Ask The Rabbi

For the week ending 15 July 2006 / 19 Tammuz 5766

What is Holier?

by Rabbi Yirmiyahu Ullman - www.rabbiullman.com
The Color of HeavenArtscroll
From: Alex in Chicago
Dear Rabbi,

I always thought that Jerusalem is the one and only holy city in Judaism. Is it true that other cities in Israel are also holy?

Dear Alex,

The entire Land of Israel is considered holy, and therefore all cities in Israel are considered holy by virtue of their being in the Land of Israel. However, there are four cities that are considered especially holy, of which Jerusalem is at the head. The four cities are Jerusalem, Tzefat, Tiberius, and Chevron. Our sources comment that these four cities correspond to the four basic elements: fire, air, water and earth, which in turn are related to enlightenment, spirituality, Torah and consistency.

Tzefat is the city high in the mountains of Galilee. One of the meanings of its name is related to its fabulous viewpoint above the entire region. The air of Tzefat is known for its light, elevating quality. The city of Tzefat has always been associated with spirituality in general, and mysticism in particular. Just as air cannot be perceived directly by the senses, but only indirectly by scents (smell) or colors (sight) it may carry, or by its movement across our skin (touch), or through other objects (hearing), so too mysticism is that realm of spirituality that is not readily and immediately accessible, but rather hidden behind the veil of the apparent.

Tiberius is located at the banks of the fresh-water Sea of Galilee, called the Kineret in Hebrew because of its harp-like shape. Because of the abundance of fresh, sweet water, the entire area is one of the most fertile in Israel. The Talmud considers the fruit of that region to be the most sweet and lush of all fruits. The Torah is compared to life-giving water through which everything is created and sustained. Its pleasant ways are likened to lovely music and delicious fruits. Interestingly, a collection of some of the greatest Talmudic scholars gathered in Tiberius to compile what came to be known as the Jerusalem Talmud.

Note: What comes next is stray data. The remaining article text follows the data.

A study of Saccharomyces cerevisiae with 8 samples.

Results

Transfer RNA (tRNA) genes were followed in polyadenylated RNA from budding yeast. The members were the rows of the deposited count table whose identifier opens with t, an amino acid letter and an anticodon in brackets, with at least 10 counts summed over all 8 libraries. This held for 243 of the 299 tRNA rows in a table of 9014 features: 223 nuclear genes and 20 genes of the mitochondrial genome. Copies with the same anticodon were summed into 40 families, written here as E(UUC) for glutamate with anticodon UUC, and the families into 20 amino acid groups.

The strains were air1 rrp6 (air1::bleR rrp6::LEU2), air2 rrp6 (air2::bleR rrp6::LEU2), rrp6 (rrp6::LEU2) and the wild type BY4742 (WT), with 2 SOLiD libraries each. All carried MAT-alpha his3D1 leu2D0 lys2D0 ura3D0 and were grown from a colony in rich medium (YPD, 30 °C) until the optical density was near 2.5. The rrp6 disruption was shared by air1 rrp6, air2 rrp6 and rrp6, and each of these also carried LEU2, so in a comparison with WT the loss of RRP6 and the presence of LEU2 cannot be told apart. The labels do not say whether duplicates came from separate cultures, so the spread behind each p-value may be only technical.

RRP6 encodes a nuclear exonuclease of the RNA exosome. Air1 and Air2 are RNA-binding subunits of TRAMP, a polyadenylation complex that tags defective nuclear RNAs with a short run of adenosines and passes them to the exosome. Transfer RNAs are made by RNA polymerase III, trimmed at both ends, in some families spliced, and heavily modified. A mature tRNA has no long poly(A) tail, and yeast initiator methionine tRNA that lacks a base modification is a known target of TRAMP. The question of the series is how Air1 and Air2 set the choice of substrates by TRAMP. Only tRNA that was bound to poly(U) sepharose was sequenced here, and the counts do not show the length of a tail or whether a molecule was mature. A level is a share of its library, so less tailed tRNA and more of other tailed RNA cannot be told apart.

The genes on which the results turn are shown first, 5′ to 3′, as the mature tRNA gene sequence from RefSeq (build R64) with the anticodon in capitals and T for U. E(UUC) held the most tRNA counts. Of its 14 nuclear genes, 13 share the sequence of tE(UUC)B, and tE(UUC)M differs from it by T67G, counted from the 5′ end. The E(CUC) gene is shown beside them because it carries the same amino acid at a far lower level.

Chevron corresponds to earth. Abraham’s sojourn there was on account of acquiring a tract of land for the purpose of burying Sarah. In fact, all of the famous four couples are buried there because of the underground cave in which Adam was interred. When Adam (so named because of the earthy origin of his body) returned to the ground upon death, it was to the earth of Chevron that he returned. It was in Chevron that King David originally got his kingship off the ground, and it is Chevron, the burial place of the Forefathers, which is the grounds for the Jewish claim to the Land of Israel. The pact made between them and G-d regarding their offspring, the Jewish People, is consistent and perpetual.

Many are surprised that Jerusalem corresponds not to air and spirituality but rather to fire. Isn’t Jerusalem the spiritual center of the world? The answer is yes, but it’s more than that. The spirituality of Jerusalem is based on the enlightenment and illumination of the Torah: “From Zion shall go forth the Torah, and the word of G-d from Jerusalem”. Any visitor to Jerusalem is aware of the special light emanating from its stones. This is a reflection of the special spiritual light that radiates from, and permeates, the city. In days of old, the sacrifices were burned on the fire of the altar in the Temple, the lights of the holy Menorah shined forth and the sanctity of new moons was promulgated by bonfires originating from Jerusalem, the seat of the Sanhedrin. Regarding Jerusalem our Sages remarked, “With fire You consumed her and with fire You will rebuild her, as it is said, ‘I will be for her a wall of fire around, and I will be glorious in her midst’ (Zech. 2:9)” (from the Tisha b’Av liturgy).